I’m starting to feel it.
It’s in the warm air, air that’s warm without sun, warm in the mist,
in the park where the onion grass pokes out like awkward new hairs on a teen’s body,
and my dog is dragging her feet, sniffing everything
as if she’s never been here before, stopping to tree a bird,
rolling in some decomposing new scent.
It’s in my eyes processing new contrasts: yellow forsythia against a stone wall, hyacinths on brown paths, cherry blossoms whose pink petals decorate the blue hood of my car like a party, flying off when I drive.
It’s Blossom Dearie, Tristan Prettyman, Bob Dylan’s “Blind Willie McTell”—anything that sounds like a window’s open.
It’s Earth Day, Chaucer’s: “Whan that April…”
It’s an NPR investigative report on desire, when Rachel Martin says, “this may not be suitable for young listeners,” and I turn to my two 13-year old passengers, whose nods say, “yes, let’s keep listening.”
It’s boots without socks, my hair curling again, half-dried.
It’s a shadow on the patio at 5AM, cast by a lawn chair and the moon over my left shoulder.
It’s telling my husband, as I wipe spots of last night’s red wine and this morning’s coffee off the counter, “let’s have more sex this week.”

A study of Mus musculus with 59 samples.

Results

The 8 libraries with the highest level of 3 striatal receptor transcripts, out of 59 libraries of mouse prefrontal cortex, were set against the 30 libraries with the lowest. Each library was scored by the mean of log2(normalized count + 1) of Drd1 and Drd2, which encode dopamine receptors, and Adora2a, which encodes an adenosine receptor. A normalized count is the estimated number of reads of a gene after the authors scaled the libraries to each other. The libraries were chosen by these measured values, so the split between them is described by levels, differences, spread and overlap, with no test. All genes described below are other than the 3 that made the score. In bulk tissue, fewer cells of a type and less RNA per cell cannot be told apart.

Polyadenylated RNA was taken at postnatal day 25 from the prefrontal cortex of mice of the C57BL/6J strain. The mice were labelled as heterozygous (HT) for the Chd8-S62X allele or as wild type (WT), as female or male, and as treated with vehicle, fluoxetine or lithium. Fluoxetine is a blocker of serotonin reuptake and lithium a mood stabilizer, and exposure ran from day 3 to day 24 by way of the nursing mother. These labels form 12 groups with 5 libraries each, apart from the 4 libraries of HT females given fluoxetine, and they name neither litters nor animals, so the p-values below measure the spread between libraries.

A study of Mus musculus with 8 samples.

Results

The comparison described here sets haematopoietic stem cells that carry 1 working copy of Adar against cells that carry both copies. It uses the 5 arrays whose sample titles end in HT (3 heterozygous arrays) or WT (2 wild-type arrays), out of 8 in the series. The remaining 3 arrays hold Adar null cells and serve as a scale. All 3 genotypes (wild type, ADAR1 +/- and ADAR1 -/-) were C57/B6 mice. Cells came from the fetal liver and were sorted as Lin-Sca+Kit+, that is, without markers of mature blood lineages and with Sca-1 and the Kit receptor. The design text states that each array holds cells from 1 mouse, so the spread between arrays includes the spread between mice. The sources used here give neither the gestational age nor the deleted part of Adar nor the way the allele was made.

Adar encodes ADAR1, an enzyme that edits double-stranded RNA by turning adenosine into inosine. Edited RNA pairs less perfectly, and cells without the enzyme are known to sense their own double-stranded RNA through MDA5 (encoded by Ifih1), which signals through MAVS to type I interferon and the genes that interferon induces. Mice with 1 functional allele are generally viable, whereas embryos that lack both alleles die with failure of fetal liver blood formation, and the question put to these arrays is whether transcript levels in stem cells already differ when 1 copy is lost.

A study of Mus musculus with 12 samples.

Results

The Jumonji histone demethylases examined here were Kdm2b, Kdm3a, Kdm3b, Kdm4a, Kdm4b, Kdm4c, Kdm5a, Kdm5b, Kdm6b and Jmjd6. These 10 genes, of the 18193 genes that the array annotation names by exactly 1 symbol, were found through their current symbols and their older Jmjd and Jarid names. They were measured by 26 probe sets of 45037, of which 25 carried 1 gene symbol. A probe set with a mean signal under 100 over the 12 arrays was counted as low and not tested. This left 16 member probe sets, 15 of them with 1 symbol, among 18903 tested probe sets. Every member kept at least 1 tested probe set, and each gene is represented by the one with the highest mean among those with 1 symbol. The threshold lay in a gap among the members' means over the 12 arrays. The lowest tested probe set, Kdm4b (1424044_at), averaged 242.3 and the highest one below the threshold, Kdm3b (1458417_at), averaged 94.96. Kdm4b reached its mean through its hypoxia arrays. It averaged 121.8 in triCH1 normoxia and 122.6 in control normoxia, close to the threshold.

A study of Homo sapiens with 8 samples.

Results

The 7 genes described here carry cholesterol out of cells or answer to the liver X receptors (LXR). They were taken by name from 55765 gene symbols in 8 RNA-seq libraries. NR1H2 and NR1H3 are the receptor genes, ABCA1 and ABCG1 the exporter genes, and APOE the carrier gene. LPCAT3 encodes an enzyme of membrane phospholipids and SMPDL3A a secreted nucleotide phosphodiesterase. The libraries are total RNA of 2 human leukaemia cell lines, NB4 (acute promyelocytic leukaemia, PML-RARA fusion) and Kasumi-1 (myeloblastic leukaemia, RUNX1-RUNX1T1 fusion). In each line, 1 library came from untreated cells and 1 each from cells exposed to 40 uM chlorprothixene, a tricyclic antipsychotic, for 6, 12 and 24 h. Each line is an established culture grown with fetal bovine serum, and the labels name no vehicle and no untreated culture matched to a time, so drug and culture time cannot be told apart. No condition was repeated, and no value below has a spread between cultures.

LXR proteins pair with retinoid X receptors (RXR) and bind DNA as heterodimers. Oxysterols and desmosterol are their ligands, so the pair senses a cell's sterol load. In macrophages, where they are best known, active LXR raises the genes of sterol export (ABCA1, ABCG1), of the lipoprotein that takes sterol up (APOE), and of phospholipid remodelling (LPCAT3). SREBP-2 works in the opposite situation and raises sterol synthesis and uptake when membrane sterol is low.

It’s hearing about more than 300 dead in Sri Lanka, innocent people, due to religious extremism, and wondering, again, why we don’t teach religious studies in schools: why don’t we highlight different faiths—and also their intersections?
It’s pondering: if I do one good thing on this earth before I die, will it be working toward that?
It’s sitting in a fancy café in a fancy town, eating toast, avocado, and eggs.
We all eat those foods. We slept under the same moon last night.
It’s thinking: spring is the time for life, not death—creation, not destruction.
It’s roughly year later, and spring is the office clean that unearthed this poem.
This spring has death: 1,000 yesterday.
I can’t write about spring in the same way;
I can’t feel the plants.
Which is ironic, because, while I’ve always been like them, now I understand
I’m vulnerable, susceptible to being crushed—by a frost, by disease—
so like the shoots that today’s noon encouraged: peonies and bleeding hearts, plants with thick purple stems that push, uncertainly, toward the light.